On December 21, 2013, the Office for Exceptional Children (OEC) issued Memorandum 2013-1 which outlines changes to Ohio Administrative Code Section 3301-51-05(H)(4)(c). Pursuant to this Memorandum, and changes to theandnbsp;Operating Standards for Ohio Educational Agencies Serving Students with Disabilities, an IEP no longer serves as prior written notice – even if parents sign the document indicating their agreement. This is anandnbsp;immediate changeandnbsp;and districts must immediately begin issuing prior written notice afterandnbsp;all IEP meetingsandnbsp;where changes are made to the student’s IEP. This includes annual review meetings where a new IEP is developedandnbsp;andandnbsp;any meetings held during the term of the IEP where changes are made to the document. OEC will immediately begin enforcing compliance with this new requirement both in complaint investigations and monitoring activities.andnbsp;
What should districts do now?andnbsp;
- Review all Board policies and internal procedures and make any changes necessary to reflect the new prior written notice requirement.
- Provide notice toandnbsp;allandnbsp;special education staff members including supervisors, intervention specialists, school psychologists and related service providers about the change to the prior written notice requirement.
- Provide notice to all building administrators regarding the change to the prior written notice requirements and information on how this will impact special education staff members.
- Decide which staff members will be responsible for drafting and issuing prior written notice to parents following “routine” IEP meetings (i.e., meetings where there is no disagreement in any area and the PR-01 is only to notify parents of the change to the child’s free appropriate public education).
- Decide which staff members will be responsible for drafting and issuing prior written notice to parents following “non-routine” IEP meetings (i.e., meetings where there is disagreement on one or more topics, even if parents ultimately sign the IEP indicating agreement).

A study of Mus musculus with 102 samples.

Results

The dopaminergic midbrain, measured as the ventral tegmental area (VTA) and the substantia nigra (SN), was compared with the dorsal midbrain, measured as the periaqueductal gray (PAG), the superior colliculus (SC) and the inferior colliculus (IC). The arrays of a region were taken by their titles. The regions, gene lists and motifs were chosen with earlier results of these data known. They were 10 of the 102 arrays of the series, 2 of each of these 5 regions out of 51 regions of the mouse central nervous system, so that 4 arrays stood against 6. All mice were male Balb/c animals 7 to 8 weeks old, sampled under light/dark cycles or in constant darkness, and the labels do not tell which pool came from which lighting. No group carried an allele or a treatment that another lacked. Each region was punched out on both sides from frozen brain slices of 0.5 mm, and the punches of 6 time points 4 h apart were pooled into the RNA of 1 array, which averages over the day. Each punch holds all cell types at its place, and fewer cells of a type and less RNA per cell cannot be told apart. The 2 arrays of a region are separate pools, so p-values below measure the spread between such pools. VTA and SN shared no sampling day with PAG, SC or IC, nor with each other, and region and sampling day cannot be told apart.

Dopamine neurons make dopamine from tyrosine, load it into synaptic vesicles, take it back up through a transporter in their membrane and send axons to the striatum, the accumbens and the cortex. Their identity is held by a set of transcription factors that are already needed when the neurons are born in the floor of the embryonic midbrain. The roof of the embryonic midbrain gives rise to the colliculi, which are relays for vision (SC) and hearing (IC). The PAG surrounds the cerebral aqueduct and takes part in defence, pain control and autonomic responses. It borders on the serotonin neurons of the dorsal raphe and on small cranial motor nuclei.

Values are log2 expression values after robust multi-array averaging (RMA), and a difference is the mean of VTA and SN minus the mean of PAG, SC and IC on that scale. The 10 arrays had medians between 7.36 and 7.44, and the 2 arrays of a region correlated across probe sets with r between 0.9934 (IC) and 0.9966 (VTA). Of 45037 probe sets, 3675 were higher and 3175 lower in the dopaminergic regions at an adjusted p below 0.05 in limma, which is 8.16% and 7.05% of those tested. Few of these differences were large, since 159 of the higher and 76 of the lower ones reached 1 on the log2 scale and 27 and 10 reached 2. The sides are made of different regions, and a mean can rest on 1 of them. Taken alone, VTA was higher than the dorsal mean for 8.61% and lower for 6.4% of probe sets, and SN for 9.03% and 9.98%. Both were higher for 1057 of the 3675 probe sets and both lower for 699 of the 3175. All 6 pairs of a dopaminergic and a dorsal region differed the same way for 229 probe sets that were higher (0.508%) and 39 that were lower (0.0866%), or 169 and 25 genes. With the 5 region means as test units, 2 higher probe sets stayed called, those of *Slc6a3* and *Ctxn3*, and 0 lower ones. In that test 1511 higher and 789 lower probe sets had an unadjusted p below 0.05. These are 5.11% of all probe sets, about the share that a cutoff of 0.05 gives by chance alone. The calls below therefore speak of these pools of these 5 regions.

- Develop “standard” language for prior written notices to be issued after “routine” IEP meetings.
- Provide training to all staff members who will be responsible for drafting and issuing prior written notice to parents following IEP meetings.
What are key elements for training?andnbsp;
- Emphasize the importance of timely issuance of prior written notice – failure to issue prior written notice is a serious procedural error and will lead to adverse consequences for the district.
- Teach staff members to recognize the difference between “routine” and “non-routine” IEP meetings and what this means with respect to the content of the prior written notice.
- For “routine” meetings, reassure staff members that the prior written notice is not onerous to write and, in many cases, the district’s “standard” language can be utilized.
- Train staff members to modify “standard” language when necessary to accurately reflect the discussions at the IEP meeting and changes to the IEP.
- Remind staff members that there should not be any blanks or N/A notations on the PR-01 form – all questions must be answered.
- Remind staff members to re-read the prior written notice to ensure that they have answered the question asked by the prior written notice form.
Other tips for compliance…andnbsp;
- Designate individuals to review all prior written notices drafted by intervention specialists and related service providers to ensure compliance until staff members have had an opportunity to adjust to the new requirements.
- After discontinuing the mandatory review, continue spot checking prior written notices to find and correct any errors.
- Advise staff members of available resources if they have questions about whether a prior written notice is required or the content of the notice.
If you have specific questions regarding the content of a prior written notice or would like to schedule training for staff members, please contactandnbsp;Christina Peerandnbsp;or any other member of our Education Law Group.